ALSO READSensex rises; 10-year bonds hit four-week high on easing inflation India seen cutting rates to over 6-1/2 year low, faces pressure to do more India's bonds slump; RBI raises CPI forecasts, cuts SLR Bonds, Sensex rise as soft inflation stokes rate cut hopes RBI becomes first central bank in Asia to cut rates this year
By Suvashree Choudhury
MUMBAI (Reuters) - India's benchmark 10-year bond yield hovered at more than 13-month highs as accelerating inflation reduced chances the central bank will cut interest rates at its next policy meeting.
The 10-year bond yield went up as much as 7.07 percent, the highest since Sept. 15, 2016 and up 10 basis points so far from its previous close of 6.97 percent on Monday.
India's annual wholesale price inflation picked up in October to a six-month high, driven by faster rises in prices of food and fuel products. Retail inflation in the same month also climbed to 3.58 percent from a year earlier, a seven-month high.
Adding to the bearish sentiment was the Reserve Bank of India's recent open market bond sale announcement for 100 billion rupees ($1.53 billion) scheduled on Nov. 23.
"At a time when inflation is rising, market is already bearish, the OMO (open market operation) sale announcement shows that the RBI is completely fine with higher bond yields," said a trader at a foreign bank.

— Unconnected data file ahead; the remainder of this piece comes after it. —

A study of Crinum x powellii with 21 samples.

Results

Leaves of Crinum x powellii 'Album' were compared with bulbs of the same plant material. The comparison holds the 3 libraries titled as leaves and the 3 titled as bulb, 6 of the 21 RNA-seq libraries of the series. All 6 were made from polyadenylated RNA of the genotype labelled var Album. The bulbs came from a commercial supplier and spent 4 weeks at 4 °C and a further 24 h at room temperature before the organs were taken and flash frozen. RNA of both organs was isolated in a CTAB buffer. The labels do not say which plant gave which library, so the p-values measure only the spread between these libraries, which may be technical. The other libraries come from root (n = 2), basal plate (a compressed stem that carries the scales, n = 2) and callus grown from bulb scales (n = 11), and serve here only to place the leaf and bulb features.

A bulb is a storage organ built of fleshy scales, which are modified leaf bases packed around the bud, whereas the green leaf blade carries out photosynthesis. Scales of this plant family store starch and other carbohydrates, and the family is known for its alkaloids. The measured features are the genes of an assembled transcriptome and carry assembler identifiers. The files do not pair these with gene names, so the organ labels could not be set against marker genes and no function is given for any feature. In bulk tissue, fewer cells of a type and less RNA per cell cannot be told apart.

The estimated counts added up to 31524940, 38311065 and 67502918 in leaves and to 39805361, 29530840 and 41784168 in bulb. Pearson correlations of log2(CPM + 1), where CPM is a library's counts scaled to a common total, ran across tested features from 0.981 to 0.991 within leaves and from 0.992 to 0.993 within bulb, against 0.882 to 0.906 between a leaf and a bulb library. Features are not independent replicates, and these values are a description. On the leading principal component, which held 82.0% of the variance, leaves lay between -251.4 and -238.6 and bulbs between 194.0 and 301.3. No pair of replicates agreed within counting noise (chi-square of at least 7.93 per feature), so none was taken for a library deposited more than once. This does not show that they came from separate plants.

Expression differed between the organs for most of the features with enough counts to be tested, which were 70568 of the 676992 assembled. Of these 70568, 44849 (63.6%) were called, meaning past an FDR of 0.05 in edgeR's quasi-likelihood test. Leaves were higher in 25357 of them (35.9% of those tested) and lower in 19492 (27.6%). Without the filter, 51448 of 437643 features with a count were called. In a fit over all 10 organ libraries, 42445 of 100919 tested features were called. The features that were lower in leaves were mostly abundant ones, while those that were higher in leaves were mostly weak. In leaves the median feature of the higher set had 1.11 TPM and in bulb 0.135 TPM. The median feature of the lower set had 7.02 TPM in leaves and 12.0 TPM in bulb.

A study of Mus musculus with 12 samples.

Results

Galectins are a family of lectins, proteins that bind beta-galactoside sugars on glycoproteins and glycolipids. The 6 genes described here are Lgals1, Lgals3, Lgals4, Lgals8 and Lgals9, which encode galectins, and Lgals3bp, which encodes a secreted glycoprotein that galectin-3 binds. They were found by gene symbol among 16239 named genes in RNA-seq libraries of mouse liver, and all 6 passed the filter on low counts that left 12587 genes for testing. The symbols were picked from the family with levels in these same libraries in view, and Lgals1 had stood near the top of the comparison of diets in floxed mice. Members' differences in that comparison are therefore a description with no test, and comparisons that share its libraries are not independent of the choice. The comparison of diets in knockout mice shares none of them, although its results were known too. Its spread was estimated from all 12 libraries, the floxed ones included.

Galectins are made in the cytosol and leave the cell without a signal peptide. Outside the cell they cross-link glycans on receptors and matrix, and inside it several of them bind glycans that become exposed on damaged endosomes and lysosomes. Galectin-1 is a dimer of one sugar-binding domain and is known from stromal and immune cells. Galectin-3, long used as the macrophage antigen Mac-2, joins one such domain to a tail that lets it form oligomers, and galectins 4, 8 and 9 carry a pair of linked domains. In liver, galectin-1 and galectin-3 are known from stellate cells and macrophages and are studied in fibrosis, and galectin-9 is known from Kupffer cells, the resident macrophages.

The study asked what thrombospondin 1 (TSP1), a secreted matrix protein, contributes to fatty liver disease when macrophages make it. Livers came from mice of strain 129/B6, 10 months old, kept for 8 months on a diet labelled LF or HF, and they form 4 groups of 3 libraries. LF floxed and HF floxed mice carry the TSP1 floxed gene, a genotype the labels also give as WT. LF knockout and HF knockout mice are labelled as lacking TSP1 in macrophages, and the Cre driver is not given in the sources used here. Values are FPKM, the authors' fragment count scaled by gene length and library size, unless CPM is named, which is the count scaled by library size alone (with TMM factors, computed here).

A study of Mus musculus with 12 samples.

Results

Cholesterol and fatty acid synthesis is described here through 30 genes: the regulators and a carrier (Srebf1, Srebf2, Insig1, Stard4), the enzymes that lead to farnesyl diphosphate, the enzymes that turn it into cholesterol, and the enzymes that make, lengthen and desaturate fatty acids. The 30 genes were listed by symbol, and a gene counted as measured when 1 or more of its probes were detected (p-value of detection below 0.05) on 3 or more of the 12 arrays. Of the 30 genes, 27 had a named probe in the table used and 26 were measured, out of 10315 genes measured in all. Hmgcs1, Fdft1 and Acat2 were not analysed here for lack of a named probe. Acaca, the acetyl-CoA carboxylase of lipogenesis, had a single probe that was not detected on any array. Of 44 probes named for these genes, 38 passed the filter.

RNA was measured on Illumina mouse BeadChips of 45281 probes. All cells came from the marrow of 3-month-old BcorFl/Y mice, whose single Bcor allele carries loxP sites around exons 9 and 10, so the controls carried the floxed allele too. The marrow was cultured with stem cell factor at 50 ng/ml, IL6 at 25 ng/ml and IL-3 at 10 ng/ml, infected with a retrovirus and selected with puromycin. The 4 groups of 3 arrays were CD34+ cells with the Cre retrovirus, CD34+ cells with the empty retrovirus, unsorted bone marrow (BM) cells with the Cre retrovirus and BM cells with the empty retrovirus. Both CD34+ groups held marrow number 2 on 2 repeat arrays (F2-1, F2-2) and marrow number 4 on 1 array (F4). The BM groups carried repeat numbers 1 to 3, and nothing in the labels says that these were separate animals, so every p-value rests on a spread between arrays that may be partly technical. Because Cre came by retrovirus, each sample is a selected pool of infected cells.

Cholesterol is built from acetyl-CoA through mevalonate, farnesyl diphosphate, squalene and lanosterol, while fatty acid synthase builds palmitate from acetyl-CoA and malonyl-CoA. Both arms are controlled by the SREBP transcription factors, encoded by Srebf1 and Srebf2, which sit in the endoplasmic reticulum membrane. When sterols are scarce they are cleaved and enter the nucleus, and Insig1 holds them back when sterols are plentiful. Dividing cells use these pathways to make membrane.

"When the regulator wants the government's borrowing cost to go up then who will have the courage to buy in this market where there is so much supply?"
In addition to the OMO sale, the government will also sell 150 billion rupees of bonds this Friday.
Traders expect yields to rise further as state-run banks, the usual buyers in the secondary market, sit on heavy losses.
The 10-year debt yield has risen by 56 basis points since the start of July as concerns over global rate tightening and upside risks to inflation at home surfaced.
State-run banks stayed away from the market on Tuesday.
"Why should we go and support the market when some segments in the market are spreading so much of negativity and making all the money and we are having to bear the losses,?" said a senior trader at a state-run bank.
"We will not buy now. We will wait and see how far the RBI and the government are willing to allow this pain to go on."
Concerns that the RBI is unlikely to tone down its hawkish tone at its policy review next month were heightened following renewed worries over fuel and food prices.
Uncertainty over the impact of a goods and services tax that went into effect in July on economic growth was also adding to traders' expectations the RBI will stay hawkish given the tightening bias of global central banks.
($1 = 65.4800 Indian rupees)
(Reporting by Suvashree Dey Choudhury; Editing by Subhranshu Sahu and Jacqueline Wong)
(This story has not been edited by Business Standard staff and is auto-generated from a syndicated feed.)